Aussies at the Synod

Checking out the number of Australian participants at the Synod, I was astounded to identify 14 Aussies (out of a total of approximately 400 participants).

Not sure if I’ve missed anyone but by any measure that’s far beyond what one might expect based on Australia’s population (25.7 million), 19.9% of whom are Catholic.

No doubt, at least in part, it represents a desire of the Synod organisers to draw on the experience of the recent Australian Plenary Council of 2021-22.

There are five bishops on the list. Archbishop Tim Costelloe is president of the Australian Catholic Bishops Conference while Bishop Shane MacKinlay is vice-president. Anthony Fisher is prominent as archbishop of Sydney while Patrick O’Regan is archbishop of Adelaide.

Bishop Tony Randazzo of Broken Bay in the northern suburbs of Sydney but is representing the bishops of Oceania at the Synod.

There is one priest, namely Ormond Rush, well known for his expertise on Vatican II and synodality in particular.

That leaves eight non-ordained including two religious brothers, Ian Cribb SJ, who was likely chosen for his expertise in the field of discernment, and Mark Hilton, SC, superior general of the Brothers of the Sacred Heart and representing that community (Full disclosure: Mark and I were on the St John’s College, Braybrook, school swimming team back in 1972! Hi, Mark!).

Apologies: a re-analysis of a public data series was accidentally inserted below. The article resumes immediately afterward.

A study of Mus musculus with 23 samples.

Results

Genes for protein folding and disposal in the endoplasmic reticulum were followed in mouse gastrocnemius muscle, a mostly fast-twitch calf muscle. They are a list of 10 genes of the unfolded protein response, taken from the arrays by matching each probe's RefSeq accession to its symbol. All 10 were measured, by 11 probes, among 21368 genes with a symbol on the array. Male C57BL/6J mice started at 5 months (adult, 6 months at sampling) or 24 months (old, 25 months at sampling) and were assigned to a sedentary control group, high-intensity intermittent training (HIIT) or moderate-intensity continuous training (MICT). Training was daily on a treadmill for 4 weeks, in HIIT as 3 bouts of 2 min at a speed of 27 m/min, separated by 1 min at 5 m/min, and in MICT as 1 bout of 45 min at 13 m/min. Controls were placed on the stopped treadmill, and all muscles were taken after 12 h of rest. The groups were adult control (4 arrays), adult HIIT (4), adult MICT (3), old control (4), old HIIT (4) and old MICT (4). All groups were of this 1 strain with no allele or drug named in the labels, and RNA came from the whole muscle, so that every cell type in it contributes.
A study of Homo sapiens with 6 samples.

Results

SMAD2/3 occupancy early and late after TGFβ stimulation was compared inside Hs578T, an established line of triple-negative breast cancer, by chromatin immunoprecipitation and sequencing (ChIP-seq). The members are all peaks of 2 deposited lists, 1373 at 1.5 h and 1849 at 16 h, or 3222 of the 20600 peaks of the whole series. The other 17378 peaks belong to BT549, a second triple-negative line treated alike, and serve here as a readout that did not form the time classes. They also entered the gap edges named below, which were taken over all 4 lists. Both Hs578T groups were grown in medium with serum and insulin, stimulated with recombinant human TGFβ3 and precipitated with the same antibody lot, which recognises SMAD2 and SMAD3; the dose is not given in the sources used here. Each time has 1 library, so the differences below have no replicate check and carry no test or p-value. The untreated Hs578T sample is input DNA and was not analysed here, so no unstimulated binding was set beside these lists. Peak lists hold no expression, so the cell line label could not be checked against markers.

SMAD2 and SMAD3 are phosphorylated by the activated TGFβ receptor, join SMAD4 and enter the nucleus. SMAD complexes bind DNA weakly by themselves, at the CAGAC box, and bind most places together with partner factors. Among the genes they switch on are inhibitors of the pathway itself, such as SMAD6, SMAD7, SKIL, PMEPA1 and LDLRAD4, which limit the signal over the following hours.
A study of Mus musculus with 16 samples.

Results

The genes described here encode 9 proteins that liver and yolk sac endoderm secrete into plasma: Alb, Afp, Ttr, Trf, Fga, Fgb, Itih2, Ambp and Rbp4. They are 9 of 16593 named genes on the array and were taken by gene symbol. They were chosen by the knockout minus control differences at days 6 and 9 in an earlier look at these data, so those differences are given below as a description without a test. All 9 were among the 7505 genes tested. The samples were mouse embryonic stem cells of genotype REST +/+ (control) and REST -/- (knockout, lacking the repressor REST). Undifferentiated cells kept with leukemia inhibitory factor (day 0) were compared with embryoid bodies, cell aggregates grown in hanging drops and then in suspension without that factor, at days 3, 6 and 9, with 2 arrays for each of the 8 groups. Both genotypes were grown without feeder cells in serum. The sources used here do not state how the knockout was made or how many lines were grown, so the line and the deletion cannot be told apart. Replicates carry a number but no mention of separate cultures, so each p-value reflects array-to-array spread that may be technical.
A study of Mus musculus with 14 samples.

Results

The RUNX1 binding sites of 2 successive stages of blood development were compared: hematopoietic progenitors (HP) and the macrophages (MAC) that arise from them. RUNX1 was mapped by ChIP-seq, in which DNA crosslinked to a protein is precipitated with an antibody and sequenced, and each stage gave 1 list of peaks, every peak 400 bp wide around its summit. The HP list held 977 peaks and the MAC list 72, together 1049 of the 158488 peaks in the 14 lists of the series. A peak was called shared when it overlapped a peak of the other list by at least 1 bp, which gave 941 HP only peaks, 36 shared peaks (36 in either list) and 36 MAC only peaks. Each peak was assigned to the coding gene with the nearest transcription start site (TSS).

There are five lay women, all experts in their fields:

  • Sandie Cornish, lecturer in Catholic Social Teaching at the Australian Catholic University
  • Trudy Dantis, director of the National Centre for Pastoral Research
  • Renée Köhler-Ryan, head of the School of Philosophy and Theology at the University of Notre Dame Australia
  • Kelly Paget, chancellor of the Diocese of Broken Bay
  • Susan Pascoe, former director of Catholic Education in the Archdiocese of Melbourne.

Finally, we have John Lochowiak, the only lay man, manager of Centacare’s Aboriginal Services in Adelaide and chair of the National Aboriginal and Torres Strait Islander Catholic Council (NATSICC), which is the peak body advising the Bishops Commission for relations with Aboriginal and Torres Strait Islander peoples.

Clearly, a very experienced and highly competent group of clerics, religious and lay people.

Still, out of fourteen, how not to notice that there is not a single person representing grassroots lay groups and initiatives?

Well, I’m in no way arguing that there should be even more Australians present at the Synod.

But surely the Synod overall needs to provide great representation to grassroots groups and movements, who collectively comprise the associative dimension of the Church as the People of God.

Stefan Gigacz

Note: Updated to reflect the fact that Ian Cribb is a religious brother not a priest.